Friday, February 5, 2016

2015 Tax Law Changes You Won't Want to Miss!

Tax laws constantly changing can be confusing for most taxpayers. Often times, tax laws are changed with few people outside the tax profession ever noticing. Some provisions to tax laws are still being phased in from prior years and there are uncertainties about which tax breaks will be extended for future years.

In 2015, congress passed the “Protecting Americans from Tax Hikes Act of 2015” (PATH), which brought relief of uncertainties for many tax laws. We have outlined some important changes, permanent provisions, and extended provisions, that were included in the PATH bill.


Changes in 2015

Health Insurance Penalty

If you did not have full health coverage in 2014 and did not qualify for an exception, chances are you only paid $95 per person or 1% of your household income as a penalty.

For 2015, this penalty is significantly increased. If you are not fully covered by health insurance and do not quality for an exception, you will be paying $325 per person or 2% or your household income, whichever is greater.

Caution: Some exceptions require you to apply for a certificate from the state or federal marketplace. This needs to be done promptly in order to have the required exemption certificate number for the tax return.

IRA Rollovers

Before 2015, taxpayers could easily “borrow” retirement money by withdrawing funds from one IRA and waiting 60 days before they rolled it over into another IRA. Taxpayers did not have a limit on the amount of rollovers.

As of 2015, taxpayers are limited to one rollover in a 12-month period. However, if you are moving IRA funds using “trustee-to-trustee” transfers, there is no limit.


Some Individual Provisions Made Permanent


Enhanced Child Tax Credit: In addition to a $1,000 credit per qualifying child, parents are entitled to an additional refundable credit equal to 15% of earned income in excess of $3,000. In 2017, the threshold would have been raised back to $10,000; however, the $3,000 threshold was made permanent.

Enhanced American Opportunity Tax Credit: Taxpayers are entitled to a $2,500 credit for four years of post-secondary education, with phase-outs beginning at $80,000 (if single) and $160,000 (if married filing jointly). The credit would have been reduced to $1,800 with lower phase-out thresholds in 2017; however, the $2,500 credit was made permanent.

Enhanced Earned Income Credit: The enhancements to the Earned Income Credit were set to expire in 2017. The passing of the PATH bill made the enhanced credit for families with three or more children permanent and increased the phase-out for married couples filing jointly to $53,267.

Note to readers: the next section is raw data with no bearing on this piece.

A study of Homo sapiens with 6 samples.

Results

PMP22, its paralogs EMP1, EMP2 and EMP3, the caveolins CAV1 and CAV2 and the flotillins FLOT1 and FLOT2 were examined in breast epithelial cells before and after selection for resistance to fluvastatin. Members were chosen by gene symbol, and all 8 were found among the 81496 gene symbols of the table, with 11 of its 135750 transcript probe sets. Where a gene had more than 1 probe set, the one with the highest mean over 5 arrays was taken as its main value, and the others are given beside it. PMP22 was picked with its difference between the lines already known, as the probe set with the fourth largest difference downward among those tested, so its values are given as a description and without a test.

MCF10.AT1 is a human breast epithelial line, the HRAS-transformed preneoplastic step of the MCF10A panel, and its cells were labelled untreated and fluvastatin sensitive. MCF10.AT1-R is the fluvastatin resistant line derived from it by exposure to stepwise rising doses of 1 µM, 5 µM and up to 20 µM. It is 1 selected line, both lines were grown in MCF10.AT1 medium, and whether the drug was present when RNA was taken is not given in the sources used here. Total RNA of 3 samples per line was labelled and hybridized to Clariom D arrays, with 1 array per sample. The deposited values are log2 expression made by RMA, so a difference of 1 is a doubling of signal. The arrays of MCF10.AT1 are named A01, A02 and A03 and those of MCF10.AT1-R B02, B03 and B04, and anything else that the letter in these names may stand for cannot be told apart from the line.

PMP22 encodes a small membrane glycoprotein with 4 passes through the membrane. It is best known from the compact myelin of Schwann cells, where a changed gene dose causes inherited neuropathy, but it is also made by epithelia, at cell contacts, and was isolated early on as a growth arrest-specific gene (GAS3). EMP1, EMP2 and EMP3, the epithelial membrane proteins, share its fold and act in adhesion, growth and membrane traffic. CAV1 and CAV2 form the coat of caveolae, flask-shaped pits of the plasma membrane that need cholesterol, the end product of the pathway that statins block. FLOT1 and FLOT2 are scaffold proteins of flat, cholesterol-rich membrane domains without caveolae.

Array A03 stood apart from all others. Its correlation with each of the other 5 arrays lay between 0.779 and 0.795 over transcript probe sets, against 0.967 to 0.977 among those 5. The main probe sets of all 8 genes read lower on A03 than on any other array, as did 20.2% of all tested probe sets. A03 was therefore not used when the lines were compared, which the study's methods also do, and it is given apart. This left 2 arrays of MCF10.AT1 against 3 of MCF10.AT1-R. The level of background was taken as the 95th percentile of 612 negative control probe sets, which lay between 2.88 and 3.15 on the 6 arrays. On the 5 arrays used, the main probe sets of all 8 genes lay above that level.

Educator Expense Deduction: The $250 educator expense deduction for K-12 supplies is now a permanent deduction. Furthermore, the deduction will be indexed for inflation, meaning educators will be receiving a higher deduction in future years.

Charitable Donations: The deduction for charitable contribution of real property for conservation purposes is now permanently allowed. Taxpayers over 70 ½ may make donations directly from an IRA and will not be taxed on the amounts (up to $100,000). A shareholder in an S Corporation will be required to reduce his/her basis in the S Corporation’s stock under Section 1366 only for his/her share of the basis of property contributed by the S Corporation; not the fair market value.


Individual Provisions Extended

Bonus Depreciation: The 50% bonus depreciation was extended for property placed in service during 2015 through 2019; the 50% rate is phased down to 40% for property placed in serviced during 2018 and 30% for property placed in serviced during 2019

Energy Incentives: A $500 credit for the purchase of certain non-business energy-efficient property has been extended for two years. Also, Section 179 expensing of certain heating, cooling, and lighting improvements to commercial property has been extended for two years.


Business Provisions Made Permanent

Enhanced Section 179 Deduction: The Section 179 Deduction limit is now permanent at the $500,000 level. However, businesses exceeding a total of $2 million of purchases in qualifying equipment have a phase-out dollar-for-dollar and completely eliminated about $2.5 million. Additionally, the Section 179 Deduction will be indexed to inflation in $10,000 increments in future years.

Abbreviated 15-Year Life: Qualified retail, restaurant, and retail improvements can be depreciated over the shortened 15, rather than 39, year recovery life. This abbreviated asset life has been made permanent.